The Supreme Court’s verdict terming the allocation of 218 coal blocks illegal has put lenders with over Rs 7,70,000 crore exposure to the power and steel industries in a spot. They have now swung into action to assess the client-wise impact on their individual loan books.
The court will decide the fate of individual allocations in its hearings starting September 1. A large number of public sector banks, which are already reeling from stressed assets, may face further pressure as some of the borrowers may be unable to repay loans.
“Lack of supplies (fuel and raw material) puts the viability of operations (of power and steel) companies into question. Naturally, we are very worried about asset quality now,” says a senior executive with the State Bank of India (SBI), who does not wish to be identified.
The gross bank credit to power and iron & steel sector was Rs 7,73,000 crore in June. Of which, the power sector’s exposure was Rs 5,08,000 crore and the iron and steel sector’s was Rs 2,65,000 crore, according to Reserve Bank of India data. These numbers show overall exposure and are not a reflection that all loans are going to be impacted.
The country’s largest bank, SBI, had lent Rs 1,53,136 crore to the infrastructure sector, according to data till June. Of this, exposure of Rs 92,919 crore is to the power sector.
Indian Banks’ Association chief executive M Tanksale says both the power and steel sectors are already under stress. And, the effect of the verdict may have further implications on asset quality. “It will be desirable to allow mines to continue operation with riders based on what the Supreme Court decides. Power is a crucial segment,” says Tanksale.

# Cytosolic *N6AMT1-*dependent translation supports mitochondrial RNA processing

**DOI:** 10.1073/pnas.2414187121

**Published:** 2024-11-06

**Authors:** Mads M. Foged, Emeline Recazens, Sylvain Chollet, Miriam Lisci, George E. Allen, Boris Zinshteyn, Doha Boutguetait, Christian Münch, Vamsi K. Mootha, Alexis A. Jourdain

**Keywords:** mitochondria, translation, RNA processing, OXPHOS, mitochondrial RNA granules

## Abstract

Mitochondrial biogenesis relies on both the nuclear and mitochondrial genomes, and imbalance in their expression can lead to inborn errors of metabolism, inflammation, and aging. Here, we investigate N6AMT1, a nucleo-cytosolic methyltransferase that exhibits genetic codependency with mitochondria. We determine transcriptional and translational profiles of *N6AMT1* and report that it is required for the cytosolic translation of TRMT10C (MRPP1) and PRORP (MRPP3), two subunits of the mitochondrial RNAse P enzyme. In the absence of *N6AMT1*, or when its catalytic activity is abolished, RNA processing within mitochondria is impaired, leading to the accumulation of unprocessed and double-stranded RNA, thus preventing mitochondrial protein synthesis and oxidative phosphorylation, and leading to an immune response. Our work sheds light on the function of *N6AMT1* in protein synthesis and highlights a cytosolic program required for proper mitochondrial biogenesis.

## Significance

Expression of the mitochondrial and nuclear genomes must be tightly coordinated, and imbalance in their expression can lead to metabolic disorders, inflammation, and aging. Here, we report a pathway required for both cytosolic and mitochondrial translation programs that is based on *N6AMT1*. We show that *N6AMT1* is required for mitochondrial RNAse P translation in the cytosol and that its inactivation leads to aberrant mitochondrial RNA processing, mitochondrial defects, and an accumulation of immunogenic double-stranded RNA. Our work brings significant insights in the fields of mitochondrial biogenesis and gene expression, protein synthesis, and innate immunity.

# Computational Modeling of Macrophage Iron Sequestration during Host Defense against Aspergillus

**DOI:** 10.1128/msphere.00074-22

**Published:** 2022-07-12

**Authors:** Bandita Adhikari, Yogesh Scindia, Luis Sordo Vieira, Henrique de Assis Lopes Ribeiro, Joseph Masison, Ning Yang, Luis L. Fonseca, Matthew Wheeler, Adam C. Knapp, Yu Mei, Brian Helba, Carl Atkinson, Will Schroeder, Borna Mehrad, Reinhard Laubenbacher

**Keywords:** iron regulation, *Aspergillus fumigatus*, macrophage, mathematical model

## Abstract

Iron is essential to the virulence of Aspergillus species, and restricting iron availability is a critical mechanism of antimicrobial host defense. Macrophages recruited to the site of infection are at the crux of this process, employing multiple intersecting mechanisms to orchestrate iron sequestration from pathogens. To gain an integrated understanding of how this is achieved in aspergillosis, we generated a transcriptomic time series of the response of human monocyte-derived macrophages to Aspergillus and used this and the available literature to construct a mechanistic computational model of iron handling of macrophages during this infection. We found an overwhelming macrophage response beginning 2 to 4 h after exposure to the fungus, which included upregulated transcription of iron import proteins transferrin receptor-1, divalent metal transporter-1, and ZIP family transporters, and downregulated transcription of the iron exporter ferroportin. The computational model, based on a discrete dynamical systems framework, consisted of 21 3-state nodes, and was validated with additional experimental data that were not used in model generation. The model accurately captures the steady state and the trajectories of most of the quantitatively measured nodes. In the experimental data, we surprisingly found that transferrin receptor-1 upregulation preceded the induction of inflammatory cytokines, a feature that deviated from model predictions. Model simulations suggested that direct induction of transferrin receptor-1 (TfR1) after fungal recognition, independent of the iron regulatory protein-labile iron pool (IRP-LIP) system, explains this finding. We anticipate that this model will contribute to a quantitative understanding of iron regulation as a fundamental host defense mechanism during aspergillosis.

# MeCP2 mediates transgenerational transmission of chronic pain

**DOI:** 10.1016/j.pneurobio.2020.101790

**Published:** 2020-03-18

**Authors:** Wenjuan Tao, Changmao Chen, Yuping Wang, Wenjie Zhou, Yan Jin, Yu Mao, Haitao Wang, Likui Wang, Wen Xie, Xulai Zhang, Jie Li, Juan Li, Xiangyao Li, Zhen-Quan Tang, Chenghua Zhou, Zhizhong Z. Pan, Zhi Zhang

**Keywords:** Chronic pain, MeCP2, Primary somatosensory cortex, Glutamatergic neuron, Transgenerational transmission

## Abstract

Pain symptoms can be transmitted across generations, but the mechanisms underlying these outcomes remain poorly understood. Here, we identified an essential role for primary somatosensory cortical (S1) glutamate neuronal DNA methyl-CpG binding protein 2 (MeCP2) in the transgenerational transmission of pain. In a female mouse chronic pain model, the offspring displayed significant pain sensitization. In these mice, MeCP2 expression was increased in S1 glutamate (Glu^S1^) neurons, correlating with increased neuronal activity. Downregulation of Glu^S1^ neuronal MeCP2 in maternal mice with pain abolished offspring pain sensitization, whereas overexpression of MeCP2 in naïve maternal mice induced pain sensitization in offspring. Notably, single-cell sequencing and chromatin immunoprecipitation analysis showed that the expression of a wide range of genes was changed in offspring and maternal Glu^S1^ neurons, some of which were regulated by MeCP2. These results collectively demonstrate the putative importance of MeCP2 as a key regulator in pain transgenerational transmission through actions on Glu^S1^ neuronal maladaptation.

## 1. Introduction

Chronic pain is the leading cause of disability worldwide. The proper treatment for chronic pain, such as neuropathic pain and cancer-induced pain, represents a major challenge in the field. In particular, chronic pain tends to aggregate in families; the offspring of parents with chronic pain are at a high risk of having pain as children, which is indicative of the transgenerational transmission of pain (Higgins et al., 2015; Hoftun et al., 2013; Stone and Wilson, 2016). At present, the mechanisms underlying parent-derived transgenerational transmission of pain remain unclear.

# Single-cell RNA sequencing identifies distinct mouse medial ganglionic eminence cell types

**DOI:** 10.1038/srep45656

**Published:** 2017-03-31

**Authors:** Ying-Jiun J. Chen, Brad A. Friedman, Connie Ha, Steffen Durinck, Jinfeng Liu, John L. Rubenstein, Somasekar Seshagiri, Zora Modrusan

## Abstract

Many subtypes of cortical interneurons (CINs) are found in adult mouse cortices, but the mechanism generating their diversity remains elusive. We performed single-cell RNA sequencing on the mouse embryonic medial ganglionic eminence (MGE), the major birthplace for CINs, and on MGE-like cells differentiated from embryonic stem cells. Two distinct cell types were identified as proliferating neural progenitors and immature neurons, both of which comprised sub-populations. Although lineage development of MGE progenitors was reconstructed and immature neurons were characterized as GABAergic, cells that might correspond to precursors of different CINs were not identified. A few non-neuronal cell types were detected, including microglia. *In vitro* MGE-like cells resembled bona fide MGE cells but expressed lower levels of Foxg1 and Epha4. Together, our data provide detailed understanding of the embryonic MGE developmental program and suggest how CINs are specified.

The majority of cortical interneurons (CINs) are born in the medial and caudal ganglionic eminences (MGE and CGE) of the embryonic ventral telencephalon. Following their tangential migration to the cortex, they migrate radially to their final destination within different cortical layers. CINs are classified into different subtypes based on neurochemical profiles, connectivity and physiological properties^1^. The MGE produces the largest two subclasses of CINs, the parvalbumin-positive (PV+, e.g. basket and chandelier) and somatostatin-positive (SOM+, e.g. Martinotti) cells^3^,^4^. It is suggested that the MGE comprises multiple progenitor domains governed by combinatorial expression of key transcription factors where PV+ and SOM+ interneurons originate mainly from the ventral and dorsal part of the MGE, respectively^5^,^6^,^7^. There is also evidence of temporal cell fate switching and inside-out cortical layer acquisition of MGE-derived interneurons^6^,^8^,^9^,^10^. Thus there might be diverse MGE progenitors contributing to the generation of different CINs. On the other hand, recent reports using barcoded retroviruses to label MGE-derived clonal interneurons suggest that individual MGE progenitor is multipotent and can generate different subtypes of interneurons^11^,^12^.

Another senior power sector executive says this may have an adverse impact on the loan repayment capacity of affected companies from the power and steel industries. These industries already have a significant share in stressed assets that are being restructured or have been declared non-performing.
The country has 250,257 Mw of installed power generation capacity. Of this, nearly 60 per cent is coal based. India’s domestic coal production has not been able to match the demand for fuel from the new power plants that have come in the past 5-10 years.
“It is certainly negative for the power sector and the impact would depend on the final verdict, which could bring de-allocation or penalty,” says Bhargav Buddhdev, an analyst with domestic brokerage Ambit Capital. “The impact could be harsher on the beneficiary companies which have already made significant investments to make these coal mines operational,” he says.
“There would be some negative impact on banks but to quantify that we will have to wait for the final judgement. The impact, however, would be more harsh on power companies,” says S Naren, chief investment officer at ICICI Prudential AMC.